With shocking trades, big signings, and the 2022 Draft just days away, this NFL offseason has been one for the history books. As the draft's first selection approaches, we sat down to talk X's and O's with the NFL's Next Gen Stats about Draft Score, a prospect evaluation tool powered by AWS, to better understand the technology and science it takes to make the grade.
We have models separated by position: Quarterback, Running Back, Receiver, Tight End, Tackle, Interior Offensive Line, Edge, Defensive Tackle, Linebacker, Cornerback, Safety. Every position has different size, athletic, and production-based features that are more important than others.
We assign each player a Production Score, which is how productive you were at the college level, and an Athleticism Score, an athletic performance metric. And then, we merge everything into our other models to create an overall score.
The college data we can access for the model is limited to what’s publicly available. The teams have much more robust data collected by scouts, so this year we’ve expanded our Production Score to include a scout grade from our own Daniel Jeremiah and Lance Zierlein. The way we’ve structured the models allows us to add in more components to achieve a better predictive outcome in the future.
We have a small data set. Just over six thousand lines of data. That’s how many players that have been invited to the Combine since 2003. We have a model for every single year of the Combine. And that group of models is under an umbrella, like the Athleticism model. And then we separate that out by each position. We’ve found the ensembling of a series of models to exemplify certain dimensions of players got us to the point where we have more than 3,000 models for these 6,000 rows.
The modeling process works like this: We model every draft class (since 2003) against history, leaving a single draft class out. In other words, a prospect’s score is generated from a model that did not including the player in the training set. Hence the need for so many models. This was big for reducing overfitting when back-testing the model results.
So, the 2022 class has 19 historical models to build from. Ultimately for this year’s class, we have the 11 positions times five outcome models times 20 historical models for a total of 1,200 models to output one Athleticism Score alone.
For each dimension (athleticism, production, and overall), and class (between 2003 and 2022), we’re looking at a number of variables: the probability of starting as a rookie; the probability of starting your second year; the probability of starting your third year; the probability of starting in your first three years at all; and the probability of making the Pro Bowl in your first three seasons.
And how did we pull it off? Our engineering team is comprised mostly of software engineers, so we didn’t come into this with prior knowledge of how to set up a Machine Learning workflow of such complexity. Our interaction with Amazon’s ProServe team helped us do our work correctly and efficiently. Interacting with these data scientists helped us expedite our process, so we could focus more time on analyzing data instead of organizing it.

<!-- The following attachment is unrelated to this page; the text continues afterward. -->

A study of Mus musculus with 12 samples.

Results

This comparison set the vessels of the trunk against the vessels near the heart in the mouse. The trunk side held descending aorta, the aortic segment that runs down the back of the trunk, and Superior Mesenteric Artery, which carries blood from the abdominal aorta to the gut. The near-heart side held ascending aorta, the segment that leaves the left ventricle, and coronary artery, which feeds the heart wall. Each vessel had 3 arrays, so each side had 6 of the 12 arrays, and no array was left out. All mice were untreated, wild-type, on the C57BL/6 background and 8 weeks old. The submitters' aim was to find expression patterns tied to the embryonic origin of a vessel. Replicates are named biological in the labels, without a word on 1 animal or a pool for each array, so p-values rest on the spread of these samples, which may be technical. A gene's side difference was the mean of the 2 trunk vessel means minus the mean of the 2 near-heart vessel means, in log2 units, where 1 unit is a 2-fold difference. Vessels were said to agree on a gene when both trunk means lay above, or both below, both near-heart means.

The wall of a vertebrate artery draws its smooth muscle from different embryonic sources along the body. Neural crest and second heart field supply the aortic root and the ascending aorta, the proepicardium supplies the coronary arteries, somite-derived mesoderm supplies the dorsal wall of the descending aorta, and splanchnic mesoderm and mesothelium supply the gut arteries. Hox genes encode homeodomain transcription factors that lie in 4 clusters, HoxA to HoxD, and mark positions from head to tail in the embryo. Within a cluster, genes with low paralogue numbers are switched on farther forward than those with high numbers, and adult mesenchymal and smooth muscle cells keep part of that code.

Pretty good! This is the third year we have released our list of seven “can’t-miss” prospects. Looking back, our top 14 prospects from the past two years have included all four AP Rookies of the Year — Ja’Marr Chase and Micah Parsons in 2021, and Justin Herbert and Chase Young in 2020.
Here is an in-depth article we wrote that looks at our are the top seven can’t miss prospects seven for the 2022 NFL Draft. These “blue chip” prospects each have a Draft Score of at least 91 and project to be top-50 picks.
Using Postgres made it easy for us to start up, because it was already within our AWS ecosystem. Migrating the data over was pretty easy. And we can connect our RDS to QuickSight. Not only do our partners have QuickSight internally, but every club has it, so we get calls saying, “Hey, can you tell us more about the Draft Score?”
Managing the versioning and data sets of thousands of different things all at once gets really complicated. We leverage s3 to do all the version management for us. The actual use case is a simple call through the SDK. We just need to store a lot of iterations of data and iterations of the models. We need to save everything every time we rerun something, and we attach a unique timestamp to it so that under those buckets are unique folders. S3 has made our iterations much quicker, and we don’t lose track of our model.
Right now, we track countable player data, but we don’t get any data from tracking player movement with computer video analysis. What if a player ran a 40 at 4.55, 4.59, and 4.65? You can imagine a player doesn’t run in a straight line over 40 yards. They could be running diagonally. They might actually have run 41.5 yards in a dash. What if we could analyze player movements in space in the 40 and other drills to determine a level of “true speed?” We could go from seven or eight metrics that we get from Combine data to an ocean of engineered metrics.